With an issue as far reaching as food insecurity, how does one possibly get at its scope?
“I think that globally when people poll students, we’re not all speaking the same language, and I think that’s been one of the challenges,” says Jill Horst, executive director of campus dining at the University of California Santa Barbara, noting that a number of different questions may be asked to gain a sense of the issue, each of which measures something different. Some examples she gave: Do you feel you’re food insecure? Do you feel you can get food? Do you feel that you’re eating what you want to be eating every day?
The USDA Economic Research Service (USDA ERS) examines the nation’s food security on an annual basis. Every December, close to 40,000 households are asked a series of questions related to food security as an add-on to the monthly Current Population Survey undertaken by the U.S. Census Bureau (the population sample is representative at both state and national levels, per the USDA). Analyzing that data supplied by the Census Bureau, USDA ERS estimated that 11.8% of American households experienced food insecurity in 2017.
“Still Hungry and Homeless in College,” a report issued by the Wisconsin HOPE Lab in April 2018 and widely discussed in the media at that time, was based on research that used a USDA-developed 10-item survey to measure food security among adults. (The researchers also asked questions about access to housing.) The study determined that 36% of college students had been food insecure in the month (30 days) prior to taking the survey.
The 43,000 responses it received from 66 higher-education institutions were voluntary and nonrandom, per the report, and schools promoted 10 $100 prizes in an effort to garner responses. “Given these constraints, the results may not be generalizable on either institutional or national levels,” the report said, urging the government and other organizations to allot funding for a more comprehensive study.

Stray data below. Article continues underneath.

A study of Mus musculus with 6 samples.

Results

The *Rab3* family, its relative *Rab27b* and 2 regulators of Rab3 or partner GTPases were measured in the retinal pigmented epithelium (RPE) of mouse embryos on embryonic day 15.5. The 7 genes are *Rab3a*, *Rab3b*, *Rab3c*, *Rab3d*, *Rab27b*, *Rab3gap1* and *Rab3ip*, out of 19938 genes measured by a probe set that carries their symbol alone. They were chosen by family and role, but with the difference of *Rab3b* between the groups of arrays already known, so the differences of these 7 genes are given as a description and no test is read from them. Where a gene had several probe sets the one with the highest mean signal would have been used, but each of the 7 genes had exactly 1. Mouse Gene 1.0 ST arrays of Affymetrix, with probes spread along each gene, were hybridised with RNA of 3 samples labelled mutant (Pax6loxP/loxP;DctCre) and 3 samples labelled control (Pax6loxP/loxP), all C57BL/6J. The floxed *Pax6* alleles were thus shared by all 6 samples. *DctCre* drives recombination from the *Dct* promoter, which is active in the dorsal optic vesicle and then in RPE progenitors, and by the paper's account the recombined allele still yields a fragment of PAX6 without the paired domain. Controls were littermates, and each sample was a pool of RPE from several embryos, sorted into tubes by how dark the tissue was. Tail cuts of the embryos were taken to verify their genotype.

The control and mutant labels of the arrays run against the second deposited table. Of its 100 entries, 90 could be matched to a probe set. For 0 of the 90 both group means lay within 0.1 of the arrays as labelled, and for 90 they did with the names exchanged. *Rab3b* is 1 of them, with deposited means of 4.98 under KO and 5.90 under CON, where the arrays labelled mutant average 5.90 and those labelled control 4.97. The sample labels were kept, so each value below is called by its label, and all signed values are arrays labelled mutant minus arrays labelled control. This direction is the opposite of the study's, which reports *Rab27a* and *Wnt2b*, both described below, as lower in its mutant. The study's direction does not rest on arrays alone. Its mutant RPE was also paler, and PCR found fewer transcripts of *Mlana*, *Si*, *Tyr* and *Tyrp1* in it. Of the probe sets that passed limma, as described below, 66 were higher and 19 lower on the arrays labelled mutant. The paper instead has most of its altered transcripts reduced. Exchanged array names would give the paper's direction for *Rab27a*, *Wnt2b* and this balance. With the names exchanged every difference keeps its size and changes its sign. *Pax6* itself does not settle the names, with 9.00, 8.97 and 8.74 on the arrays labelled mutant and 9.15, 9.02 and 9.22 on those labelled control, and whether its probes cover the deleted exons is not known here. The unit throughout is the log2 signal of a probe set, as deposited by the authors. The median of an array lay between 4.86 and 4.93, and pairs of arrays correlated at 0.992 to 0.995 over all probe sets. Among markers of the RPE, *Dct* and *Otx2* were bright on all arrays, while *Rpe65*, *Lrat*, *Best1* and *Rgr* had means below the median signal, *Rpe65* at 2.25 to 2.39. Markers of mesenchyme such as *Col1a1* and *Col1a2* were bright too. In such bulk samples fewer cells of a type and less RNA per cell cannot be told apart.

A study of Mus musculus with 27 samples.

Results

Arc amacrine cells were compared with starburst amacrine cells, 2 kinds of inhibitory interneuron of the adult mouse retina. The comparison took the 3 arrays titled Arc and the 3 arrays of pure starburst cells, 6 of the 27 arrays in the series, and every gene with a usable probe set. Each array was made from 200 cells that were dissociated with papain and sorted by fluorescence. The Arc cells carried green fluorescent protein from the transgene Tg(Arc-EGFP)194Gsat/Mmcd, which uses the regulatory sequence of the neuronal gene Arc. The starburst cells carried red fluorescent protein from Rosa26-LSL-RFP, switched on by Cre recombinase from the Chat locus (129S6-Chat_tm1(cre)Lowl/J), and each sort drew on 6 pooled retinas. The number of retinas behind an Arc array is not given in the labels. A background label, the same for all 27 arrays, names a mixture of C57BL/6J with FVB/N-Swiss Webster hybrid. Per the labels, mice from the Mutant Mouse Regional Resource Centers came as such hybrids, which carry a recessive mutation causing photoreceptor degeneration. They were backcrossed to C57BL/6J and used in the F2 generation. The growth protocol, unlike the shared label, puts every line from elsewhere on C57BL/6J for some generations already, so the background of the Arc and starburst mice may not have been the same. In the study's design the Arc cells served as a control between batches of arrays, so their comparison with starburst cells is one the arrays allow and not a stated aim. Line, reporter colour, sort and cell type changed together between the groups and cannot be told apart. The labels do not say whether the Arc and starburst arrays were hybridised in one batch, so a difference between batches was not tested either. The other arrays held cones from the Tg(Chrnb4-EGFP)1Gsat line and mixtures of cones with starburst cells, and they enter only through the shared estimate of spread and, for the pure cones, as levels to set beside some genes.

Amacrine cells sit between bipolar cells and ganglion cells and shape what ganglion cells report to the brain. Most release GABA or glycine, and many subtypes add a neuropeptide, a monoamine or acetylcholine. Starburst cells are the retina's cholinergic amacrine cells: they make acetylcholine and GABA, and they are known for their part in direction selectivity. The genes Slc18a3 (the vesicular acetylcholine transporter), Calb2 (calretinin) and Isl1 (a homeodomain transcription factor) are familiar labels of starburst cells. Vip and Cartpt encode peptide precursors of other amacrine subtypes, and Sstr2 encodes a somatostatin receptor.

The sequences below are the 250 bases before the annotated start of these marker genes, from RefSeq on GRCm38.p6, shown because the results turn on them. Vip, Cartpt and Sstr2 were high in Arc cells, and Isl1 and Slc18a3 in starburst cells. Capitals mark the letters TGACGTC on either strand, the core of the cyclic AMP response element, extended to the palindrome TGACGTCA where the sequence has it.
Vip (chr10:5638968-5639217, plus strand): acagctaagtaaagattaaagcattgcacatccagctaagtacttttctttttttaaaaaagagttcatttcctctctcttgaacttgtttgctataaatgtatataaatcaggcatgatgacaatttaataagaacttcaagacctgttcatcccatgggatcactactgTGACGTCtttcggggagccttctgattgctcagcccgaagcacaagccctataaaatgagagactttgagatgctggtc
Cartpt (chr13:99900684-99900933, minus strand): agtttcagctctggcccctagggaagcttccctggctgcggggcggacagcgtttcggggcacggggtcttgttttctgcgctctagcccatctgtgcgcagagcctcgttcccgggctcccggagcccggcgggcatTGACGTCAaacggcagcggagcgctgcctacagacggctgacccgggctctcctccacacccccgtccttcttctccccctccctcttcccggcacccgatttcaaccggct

Not quite a snap
The U.S. Government Accountability Office (GAO) has noted a gap in the number of college students who may be eligible for Supplemental Nutrition Assistance Program (SNAP) benefits and those who actually utilize them. Looking at data from the U.S. Department of Education, the GAO concluded in a December 2018 report that close to 2 million “at-risk” students who could be eligible to receive SNAP benefits “did not report receiving benefits in 2016.” Close to a third of state SNAP agencies told the GAO last spring that they were working to boost college students’ awareness of the program and to assist them with accessing benefits. A low income is “the most common risk factor for food insecurity among college students,” notes the GAO report.
Food security, stratified
The USDA breaks down food security into these four buckets:
High food security: “No reported indications of food-access problems or limitations.”
Marginal food security: “One or two reported indications—typically of anxiety over food sufficiency or shortage of food in the house. Little or no indication of changes in diets or food intake.”
Low food security: “Reports of reduced quality, variety or desirability of diet. Little or no indication of reduced food intake.”
Very low food security: “Reports of multiple indications of disrupted eating patterns and reduced food intake.”